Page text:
Ice Cream Sales Recover in 2005

Despite a problematic 2004, ice cream sales - and innovation - come roaring back in 2005.

By Diane Toops, News and Trends Editor


According to a recent survey conducted by the Italian Ice Cream Trade Assn. (AIG), relatively unusual flavors, such as pink pepper, chili and nutmeg, are increasing in popularity, with nuts and chocolate also being confirmed among the most in-demand. However, some exotic flavors introduced just a few years ago such as kiwi, papaya and coconut, reportedly are declining.

A further trend in Western Europe is the increasing importance of fruit flavors, which are perceived as healthy as well as pleasurable. In the Netherlands, a new Orange Fresh flavor of the brand Solero was launched. The formula contains 50 percent fruit and only 4 percent fat.




Defining ice cream

USDA's specific rules define what can and can't be labeled "ice cream." To bear the "Meets USDA Ingredient Standard for Ice Cream" stamp, it has to contain at least 10 percent milk fat and a minimum of six percent non-fat milk solids, and a gallon must weigh at least 4.5 pounds.

The range of milk fat (sometimes referred to as butter fat) used in ice cream can range from the minimum 10 percent to a maximum of about 16 percent. Most premium ice creams use 14 percent milk fat. Higher fat content leads to better, richer taste and a creamier texture. Ice cream makers don't go higher than 16 percent because it would be costly and highly caloric.

The recipe for ice cream is simple, but in scientific terms, it's complicated stuff. Ice cream is a colloid, a type of emulsion - a combination of two substances that don't normally mix together. Instead, one of the substances is dispersed throughout the other. In ice cream, molecules of fat are suspended in a water-sugar-ice structure along with air bubbles. The presence of air means that ice cream is also technically a foam, according to HowStuffWorks.

In addition to milk fat, non-fat milk solids, sugar and air, ice cream also contains stabilizers and emulsifiers. Stabilizers help hold the air bubble structure together and give the ice cream a better texture. Although gelatin was originally used as a stabilizer, xanthan gum, guar gum and other compounds are used today. Emulsifiers keep the ice cream smooth and aid the distribution of the fat molecules throughout the colloid. Egg yolks once were used, but ice cream manufacturers now tend to use other chemical compounds. These stabilizers and emulsifiers make up a very small proportion (less than one percent) of the ice cream.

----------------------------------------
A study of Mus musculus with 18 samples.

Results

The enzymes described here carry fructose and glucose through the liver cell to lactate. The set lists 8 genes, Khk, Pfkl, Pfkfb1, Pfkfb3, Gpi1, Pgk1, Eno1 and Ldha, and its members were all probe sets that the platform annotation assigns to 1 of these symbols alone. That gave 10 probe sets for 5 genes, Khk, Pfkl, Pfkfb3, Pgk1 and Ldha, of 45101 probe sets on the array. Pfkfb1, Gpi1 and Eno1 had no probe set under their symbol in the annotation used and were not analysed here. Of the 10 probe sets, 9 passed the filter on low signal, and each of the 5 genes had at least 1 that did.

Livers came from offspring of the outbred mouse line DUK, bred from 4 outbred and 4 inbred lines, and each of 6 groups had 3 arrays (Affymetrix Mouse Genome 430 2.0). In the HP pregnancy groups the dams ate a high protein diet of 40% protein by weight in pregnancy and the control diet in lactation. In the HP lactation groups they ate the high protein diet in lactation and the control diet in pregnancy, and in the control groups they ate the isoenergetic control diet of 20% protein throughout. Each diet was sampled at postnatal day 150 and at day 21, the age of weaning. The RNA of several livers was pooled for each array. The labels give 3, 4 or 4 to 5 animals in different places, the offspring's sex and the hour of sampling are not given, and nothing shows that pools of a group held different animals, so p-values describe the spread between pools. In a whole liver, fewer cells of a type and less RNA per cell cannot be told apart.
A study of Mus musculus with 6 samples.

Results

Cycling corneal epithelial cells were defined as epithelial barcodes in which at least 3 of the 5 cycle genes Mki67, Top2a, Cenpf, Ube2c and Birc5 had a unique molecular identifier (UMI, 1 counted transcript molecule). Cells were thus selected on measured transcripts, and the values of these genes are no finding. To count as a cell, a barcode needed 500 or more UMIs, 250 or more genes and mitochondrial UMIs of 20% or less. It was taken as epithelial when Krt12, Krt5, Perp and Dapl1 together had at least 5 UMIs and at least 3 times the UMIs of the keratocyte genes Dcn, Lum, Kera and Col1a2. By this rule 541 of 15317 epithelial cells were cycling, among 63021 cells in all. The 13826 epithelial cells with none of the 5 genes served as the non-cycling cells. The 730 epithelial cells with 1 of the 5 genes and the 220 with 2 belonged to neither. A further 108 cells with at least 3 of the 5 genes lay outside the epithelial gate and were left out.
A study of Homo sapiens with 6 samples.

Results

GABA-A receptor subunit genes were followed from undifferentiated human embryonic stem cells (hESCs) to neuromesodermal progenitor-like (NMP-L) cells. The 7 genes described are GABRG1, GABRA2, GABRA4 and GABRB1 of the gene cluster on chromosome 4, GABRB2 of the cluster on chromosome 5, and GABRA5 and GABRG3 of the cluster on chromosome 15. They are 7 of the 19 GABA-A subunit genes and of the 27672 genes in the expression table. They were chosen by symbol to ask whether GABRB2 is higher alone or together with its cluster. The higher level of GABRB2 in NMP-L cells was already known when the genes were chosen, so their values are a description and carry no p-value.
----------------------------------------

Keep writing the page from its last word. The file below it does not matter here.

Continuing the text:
An ice cream diet?

New research shows that ice cream - when eaten as part of a healthy diet - may actually melt away fat, helping you lose extra pounds faster than if you had abstained. Aficionados will be happy to know that Prevention magazine developed The Ice Cream Diet. A dish a day helps you: keep bones strong; burn fat more efficiently; lower high blood pressure; crush cravings; ease PMS symptoms; fight colon cancer; stop bingeing; cut stroke risk; boost immunity; and prevent kidney stones.

Women get 1 cup and men get 1 1/2 cups of ice cream every day. You'll still drop pounds, because your treat is factored in to a nutritious diet that totals 1,500 calories a day for women and 2,000 calories for men. Since you'll be cutting 300 to 500 calories from a typical daily intake, women can lose up to 30 lbs. and men as much as 50 lbs. in a year.

To keep calories in check, you'll need to choose a reduced-calorie ice cream. But don't say yuck just yet. There are some great choices that meet the diet's guidelines of 125 calories or less per 1/2-cup serving and at least 10 percent of calcium's daily value of 100 mg per serving.